James E. Beasley vs. South Carolina Department of Health and Human Services

South Carolina Department of Health and Human Services

James E. Beasley

South Carolina Department of Health and Human Services




James E. Beasley (Beasley) filed an appeal challenging the denial of medicaid benefits by the South Carolina Department of Health and Human Services (DHHS). On December 16, 2002, DHHS filed a Motion to Dismiss Beasley's appeal on two grounds. First, the appeal was filed untimely. Second, the appeal is improper since a previous holding by the Social Security Administration (SSA) of "no disability" is binding upon DHHS so that no medicaid benefits can be paid until the SSA determination is changed by SSA.

Beasley responded to the motion to dismiss by a written response filed on December 26, 2002. After considering the arguments presented, the motion must be granted.

II. Analysis

A. Timely Filing

A late filing of an appeal is fatal since one who fails to timely file an appeal fails to invoke the jurisdiction of the reviewing entity. Mears v. Mears, 287 S.C. 168, 337 S.E.2d 206 (1985); Burnett v. S.C. Highway Dep't, 252 S.C. 568, 167 S.E.2d 571 (1969); Stroup v. Duke Power Co., 216 S.C. 79, 56 S.E.2d 745 (1949). To determine if a filing is timely, one must "file" the document, and one must do so timely.

Deciding when a document is filed is fairly straight forward: a filing is complete when mailed. ALJD Rule 4(C). However, deciding when a document is timely filed is slightly more involved. Like filing, timeliness is also decided by ALJD Rules.

A filing is timely if filed with the ALJD within 30 days "of receipt of the decision from which the appeal is taken." ALJD Rule 33. Further, the 30 day period for a timely appeal is calculated by excluding the first day and counting the last day in which action is required. ALJD Rule 3. In addition, if the last day falls on a Saturday, Sunday, or legal holiday, an extension exists until the next day that is not a Saturday, Sunday, or legal holiday. ALJD Rule 3.

Here, Beasley received the order of denial of medicaid benefits on October 25, 2002. In seeking his appeal, Beasley chose to mail the appeal to the ALJD via the United States Postal Service. Since the date of mailing is established by the postmarked envelope containing the appeal, the appeal was filed on November 25, 2002.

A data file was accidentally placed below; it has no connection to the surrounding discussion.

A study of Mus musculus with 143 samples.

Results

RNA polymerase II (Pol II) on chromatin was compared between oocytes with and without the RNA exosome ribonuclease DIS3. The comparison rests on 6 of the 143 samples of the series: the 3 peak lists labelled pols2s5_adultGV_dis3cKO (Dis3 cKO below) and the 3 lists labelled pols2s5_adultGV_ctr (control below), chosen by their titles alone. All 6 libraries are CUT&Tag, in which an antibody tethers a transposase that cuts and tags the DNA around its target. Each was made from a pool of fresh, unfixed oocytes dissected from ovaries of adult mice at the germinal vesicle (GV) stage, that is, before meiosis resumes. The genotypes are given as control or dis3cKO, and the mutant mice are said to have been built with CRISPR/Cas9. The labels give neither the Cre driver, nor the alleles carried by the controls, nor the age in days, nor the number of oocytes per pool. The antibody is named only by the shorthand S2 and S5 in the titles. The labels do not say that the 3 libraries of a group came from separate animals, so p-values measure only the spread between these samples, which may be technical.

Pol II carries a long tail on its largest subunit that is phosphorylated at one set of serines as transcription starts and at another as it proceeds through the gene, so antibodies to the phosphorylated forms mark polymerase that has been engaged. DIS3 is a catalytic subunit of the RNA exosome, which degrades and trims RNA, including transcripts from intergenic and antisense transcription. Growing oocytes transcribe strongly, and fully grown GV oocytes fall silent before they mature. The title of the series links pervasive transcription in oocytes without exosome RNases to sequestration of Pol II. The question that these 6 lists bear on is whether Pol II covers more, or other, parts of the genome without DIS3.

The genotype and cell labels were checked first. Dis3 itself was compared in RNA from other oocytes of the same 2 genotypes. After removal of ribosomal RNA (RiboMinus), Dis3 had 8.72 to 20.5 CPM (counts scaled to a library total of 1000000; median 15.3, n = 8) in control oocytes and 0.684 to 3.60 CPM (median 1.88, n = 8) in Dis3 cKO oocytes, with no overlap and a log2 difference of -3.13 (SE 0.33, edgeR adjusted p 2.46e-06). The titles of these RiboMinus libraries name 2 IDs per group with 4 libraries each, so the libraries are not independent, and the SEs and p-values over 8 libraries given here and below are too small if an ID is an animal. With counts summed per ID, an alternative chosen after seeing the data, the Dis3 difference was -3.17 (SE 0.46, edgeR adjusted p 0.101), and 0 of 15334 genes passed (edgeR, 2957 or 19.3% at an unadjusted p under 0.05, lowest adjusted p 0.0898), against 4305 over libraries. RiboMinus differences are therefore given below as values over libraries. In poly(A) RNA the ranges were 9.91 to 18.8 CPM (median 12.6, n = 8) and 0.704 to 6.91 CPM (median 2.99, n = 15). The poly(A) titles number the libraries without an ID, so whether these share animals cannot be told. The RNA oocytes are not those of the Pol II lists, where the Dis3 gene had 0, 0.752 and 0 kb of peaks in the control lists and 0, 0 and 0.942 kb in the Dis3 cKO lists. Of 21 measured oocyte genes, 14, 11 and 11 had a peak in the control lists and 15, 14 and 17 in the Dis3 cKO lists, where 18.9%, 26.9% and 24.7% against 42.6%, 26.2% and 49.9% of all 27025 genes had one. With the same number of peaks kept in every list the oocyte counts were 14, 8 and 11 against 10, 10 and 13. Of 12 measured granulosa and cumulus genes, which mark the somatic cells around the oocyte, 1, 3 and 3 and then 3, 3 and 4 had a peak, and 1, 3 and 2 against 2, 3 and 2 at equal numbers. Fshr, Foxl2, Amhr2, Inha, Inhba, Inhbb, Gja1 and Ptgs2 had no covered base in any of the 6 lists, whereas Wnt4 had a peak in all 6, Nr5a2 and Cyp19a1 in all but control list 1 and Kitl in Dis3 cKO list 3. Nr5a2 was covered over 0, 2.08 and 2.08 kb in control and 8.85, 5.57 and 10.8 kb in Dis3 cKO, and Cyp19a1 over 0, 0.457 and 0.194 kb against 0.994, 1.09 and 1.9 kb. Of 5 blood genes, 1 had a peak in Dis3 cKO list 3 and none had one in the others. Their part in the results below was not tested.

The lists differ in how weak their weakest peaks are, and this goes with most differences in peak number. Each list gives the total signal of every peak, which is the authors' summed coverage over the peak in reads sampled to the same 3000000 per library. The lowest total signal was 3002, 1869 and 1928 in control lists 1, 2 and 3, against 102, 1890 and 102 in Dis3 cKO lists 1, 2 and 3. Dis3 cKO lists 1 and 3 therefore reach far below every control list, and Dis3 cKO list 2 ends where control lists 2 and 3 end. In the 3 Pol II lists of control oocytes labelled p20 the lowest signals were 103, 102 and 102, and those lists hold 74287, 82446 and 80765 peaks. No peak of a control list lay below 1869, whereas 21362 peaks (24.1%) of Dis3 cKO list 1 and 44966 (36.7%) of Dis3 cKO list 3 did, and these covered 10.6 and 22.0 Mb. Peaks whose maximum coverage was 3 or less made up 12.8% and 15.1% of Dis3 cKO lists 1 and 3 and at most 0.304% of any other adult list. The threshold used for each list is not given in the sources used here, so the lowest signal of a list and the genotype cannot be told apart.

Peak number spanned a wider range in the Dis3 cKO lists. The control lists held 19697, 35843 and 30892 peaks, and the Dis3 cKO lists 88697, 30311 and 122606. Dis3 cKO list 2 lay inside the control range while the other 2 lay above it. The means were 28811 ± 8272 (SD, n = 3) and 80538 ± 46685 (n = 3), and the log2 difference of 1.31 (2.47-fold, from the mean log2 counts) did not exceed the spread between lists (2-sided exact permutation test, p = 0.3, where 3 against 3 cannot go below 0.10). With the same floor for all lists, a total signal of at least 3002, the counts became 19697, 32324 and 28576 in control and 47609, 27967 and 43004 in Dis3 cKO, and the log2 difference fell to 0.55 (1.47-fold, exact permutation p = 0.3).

With an appeal filing date of November 25, 2002, and with a receipt date of the DHHS denial order of October 25, 2002, the appeal here is timely filed since the last day of the filing period is November 25, 2002. (The last day of the thirty day filing period fell on a Sunday, November 24, 2002, so that the time for filing extended to Monday, November 25, 2002). Accordingly, the appeal cannot be dismissed for a lack of timely filing.

B. SSA Determination Binding

DHHS is not free to disregard disability determinations made by the SSA. Rather, when SSA has made a determination of either disability or no disability, DHHS may not make an independent finding on that same issue since the SSA determination is binding on DHHS. 42 CFR §435.541(b)(1)(I). See Sebastian v. Commissioner of Human Services, 1993 WL 642701 (M.D.Tenn. 1993) ("Specifically, if the Social Security Administration (SSA) has made a determination of non-disability for SSI benefits purposes, then the state agency must defer to this decision and cannot redetermine Medicaid eligibility on disability grounds if SSA and the state have a section 1634 agreement, as Tennessee and the SSA do."). Indeed, these same federal regulations have been judged to show an intent "that the federal agency's determination of nondisability supersedes [even] a previous state agency determination of disability." Disabled Rights Union v. Kizer 744 F.Supp. 221 (Cal. 1990). Thus, if even the more basic matter of a prior state adjudication of disability is not immune from a later federal veto, how much more so is a current "no disability" federal decision controlling on a yet to be litigated state decision. Instead, whether for ill or gain, the federal regulations deny the state the decision making authority in the instant case. (1) Thus, this matter must be dismissed due to controlling federal regulations.




Administrative Law Judge

Dated: January 7, 2003

Columbia, South Carolina

1. In this case, the record below establishes that SSA determined Beasley was not disabled for SSI purposes. (Order below, FOF 1.). Further, while not explicitly found by the hearing officer, the conclusion reached below is inherently premised on a holding that South Carolina has "a section 1634 agreement" with the SSA. Moreover, nothing in the opposition brief establishes a contrary position.